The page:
The DEC encourages the use of bear-resistant canisters throughout the Adirondack and Catskill backcountry. Bear-resistant canisters are required to be used by overnight users in the Eastern High Peaks Wilderness between April 1st and November 30th.

The rules associated with using DEC-managed public lands in New York State for recreational purposes are relatively simple and straightforward. The public must abide by all state land use regulations when recreating on all state-owned lands and conservation easements open to the public. Some of the most common rules are described below.

Backcountry Camping

Backcountry or primitive camping is allowed on Forest Preserve lands in the Adirondacks and Catskills as well as State Forest lands outside the Preserve. Backcountry camping is prohibited on Unique Areas, Wildlife Management Areas and a few other categories of state land.

For information on DEC's 52 campgrounds in the Adirondack and Catskill Parks, visit DEC Campground Information.

Camping Rules and Guidelines

Please note: Specific land units in the Forest Preserve may have regulations that differ from the rules and guidelines listed below. For information about specific land areas, look at our regulations page or contact the Regional Office near the land unit of interest.

Camp Here designation disk
"Camp Here" disk

Campsite Selection

  • Camping is prohibited within 150 feet of any road, trail, spring, stream, pond or other body of water except at areas designated by a "Camp Here" disk.
  • Groups of 10 or more persons OR stays of more than three days in one place require a permit from the New York State Forest Ranger responsible for the area.
  • Lean-tos are available in many areas on a first come first served basis. Lean-tos cannot be used exclusively and must be shared with other campers.
  • The storage of personal property on State lands is prohibited.

Fires at Campsites

  • No Fire disk example
    "No Fire" disk
    Fires should be built in existing fire pits or fireplaces if provided.
  • Do not build fires in areas marked by a "No Fires" disk.
  • Cutting standing trees is prohibited. Use only dead and down wood for fires.
  • Extinguish all fires with water and stir ashes until they are cold to the touch.

Tips to Leave No Trace

  • Removing plants, rocks, fossils or artifacts from state land without a permit is illegal.
  • Use pit privies provided near popular camping areas and trailheads. If none are available, dispose of human waste by digging a hole 6"-8" deep at least 150 feet from water or campsites (200 feet is recommended by the Leave No Trace Center for Outdoor Ethics). Cover with leaves and soil.
  • Do not use soap to wash yourself, clothing or dishes within 150 feet of water.
  • Drinking and cooking water should be boiled for 5 minutes, treated with purifying tablets or filtered through filtration device to prevent instances of giardia infection.
  • Carry out what you carry in.
  • Keep your pet under control. Restrain it on a leash when others approach. Collect and bury droppings away from water, trails and camp sites. Keep your pet away from drinking water sources.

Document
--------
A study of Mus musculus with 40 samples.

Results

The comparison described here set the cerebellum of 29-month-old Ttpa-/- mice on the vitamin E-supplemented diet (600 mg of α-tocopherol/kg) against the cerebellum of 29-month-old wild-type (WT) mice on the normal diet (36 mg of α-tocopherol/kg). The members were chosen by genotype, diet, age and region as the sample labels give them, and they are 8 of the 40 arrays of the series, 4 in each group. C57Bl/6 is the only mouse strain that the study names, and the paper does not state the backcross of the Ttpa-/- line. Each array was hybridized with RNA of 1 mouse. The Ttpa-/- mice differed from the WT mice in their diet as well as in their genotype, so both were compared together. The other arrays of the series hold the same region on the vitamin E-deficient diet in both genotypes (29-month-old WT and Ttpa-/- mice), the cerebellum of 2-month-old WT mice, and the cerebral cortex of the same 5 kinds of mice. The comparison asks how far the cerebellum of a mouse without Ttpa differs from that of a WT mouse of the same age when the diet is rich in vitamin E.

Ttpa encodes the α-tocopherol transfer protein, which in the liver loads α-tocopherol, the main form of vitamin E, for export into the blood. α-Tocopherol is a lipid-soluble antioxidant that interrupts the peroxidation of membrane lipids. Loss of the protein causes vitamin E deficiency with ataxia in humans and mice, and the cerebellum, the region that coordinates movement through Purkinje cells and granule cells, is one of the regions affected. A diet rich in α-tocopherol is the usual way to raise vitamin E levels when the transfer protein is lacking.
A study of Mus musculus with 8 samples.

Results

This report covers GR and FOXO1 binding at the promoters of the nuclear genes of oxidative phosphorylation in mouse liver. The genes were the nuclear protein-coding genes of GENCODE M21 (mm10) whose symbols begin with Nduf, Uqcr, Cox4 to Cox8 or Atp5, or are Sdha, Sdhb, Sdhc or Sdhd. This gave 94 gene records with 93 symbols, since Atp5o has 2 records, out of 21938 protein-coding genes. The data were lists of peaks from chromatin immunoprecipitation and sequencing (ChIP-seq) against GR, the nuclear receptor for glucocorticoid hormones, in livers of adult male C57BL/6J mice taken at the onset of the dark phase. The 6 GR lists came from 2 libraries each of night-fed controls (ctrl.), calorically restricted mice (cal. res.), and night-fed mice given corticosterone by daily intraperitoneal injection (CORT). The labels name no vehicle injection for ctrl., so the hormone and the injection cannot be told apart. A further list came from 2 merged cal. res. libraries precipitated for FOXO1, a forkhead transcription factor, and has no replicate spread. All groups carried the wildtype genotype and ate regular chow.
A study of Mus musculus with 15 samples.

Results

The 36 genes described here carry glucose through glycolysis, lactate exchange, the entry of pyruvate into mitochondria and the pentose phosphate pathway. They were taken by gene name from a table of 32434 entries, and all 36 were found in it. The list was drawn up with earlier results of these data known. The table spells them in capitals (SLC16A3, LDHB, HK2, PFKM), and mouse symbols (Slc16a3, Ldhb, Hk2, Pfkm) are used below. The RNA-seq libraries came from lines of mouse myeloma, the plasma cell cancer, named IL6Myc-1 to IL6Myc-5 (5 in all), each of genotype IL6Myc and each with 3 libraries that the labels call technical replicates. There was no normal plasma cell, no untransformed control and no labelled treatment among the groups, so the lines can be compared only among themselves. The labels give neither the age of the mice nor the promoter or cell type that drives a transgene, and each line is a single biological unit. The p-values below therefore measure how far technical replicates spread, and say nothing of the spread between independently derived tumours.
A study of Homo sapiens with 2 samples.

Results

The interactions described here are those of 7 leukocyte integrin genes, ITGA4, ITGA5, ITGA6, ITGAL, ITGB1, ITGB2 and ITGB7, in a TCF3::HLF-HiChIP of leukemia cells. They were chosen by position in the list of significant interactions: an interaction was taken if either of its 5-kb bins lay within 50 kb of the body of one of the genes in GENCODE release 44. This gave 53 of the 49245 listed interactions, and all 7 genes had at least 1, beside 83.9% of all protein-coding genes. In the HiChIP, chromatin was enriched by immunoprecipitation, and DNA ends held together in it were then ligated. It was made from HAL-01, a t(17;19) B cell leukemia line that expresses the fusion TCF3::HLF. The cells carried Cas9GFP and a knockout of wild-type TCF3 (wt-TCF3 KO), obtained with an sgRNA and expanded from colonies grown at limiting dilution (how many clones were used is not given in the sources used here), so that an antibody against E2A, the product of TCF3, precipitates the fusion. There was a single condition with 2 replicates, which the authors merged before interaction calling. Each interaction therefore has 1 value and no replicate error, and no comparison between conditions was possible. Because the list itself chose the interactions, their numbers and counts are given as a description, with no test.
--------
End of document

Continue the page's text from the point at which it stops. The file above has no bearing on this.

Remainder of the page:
• Observe and enjoy wildlife and plants but leave them undisturbed.

Additional Rules for the Adirondack and Catskill Preserves

  • Except in an emergency, camping is prohibited above an elevation of 4,000 feet in the Adirondacks.
  • Except in an emergency or between December 21st and March 21st, camping is prohibited above an elevation of 3,500 feet in the Catskills.
  • At all times, only emergency fires are permitted above 4,000 feet in the Adirondacks and 3,500 feet in the Catskills.

New York State Firewood Regulation

There is a regulation that prohibits the import of firewood into New York (link leaves DEC's website) unless it has been heat treated to kill pests. The regulation also limits the transportation of untreated firewood to less than 50 miles from its source.

By transporting firewood, you could be spreading diseases and invasive insects that can quickly kill large numbers of trees. Help stop the spread and obey the Firewood Regulation:

  • Get your firewood at the campground or from a local vendor - ask for a receipt or label that has the firewood's local source.
  • If you choose to transport firewood within New York State:
    • It must have a receipt or label that has the firewood's source and it must remain within 50 miles of that source.
    • For firewood not purchased (i.e. cut from your own property) you must have a Self-Issued Certificate of Source (PDF), and it must be sourced within 50 miles of your destination.
    • Only firewood labeled as meeting New York's heat treatment standards to kill pests may be transported into the state and further than 50 miles from the firewood's source. This wood is usually labeled "certified heat-treated".

For more information, see Firewood and Invasive Pests. For additional questions regarding the firewood regulation, please e-mail or call 1-866-640-0652.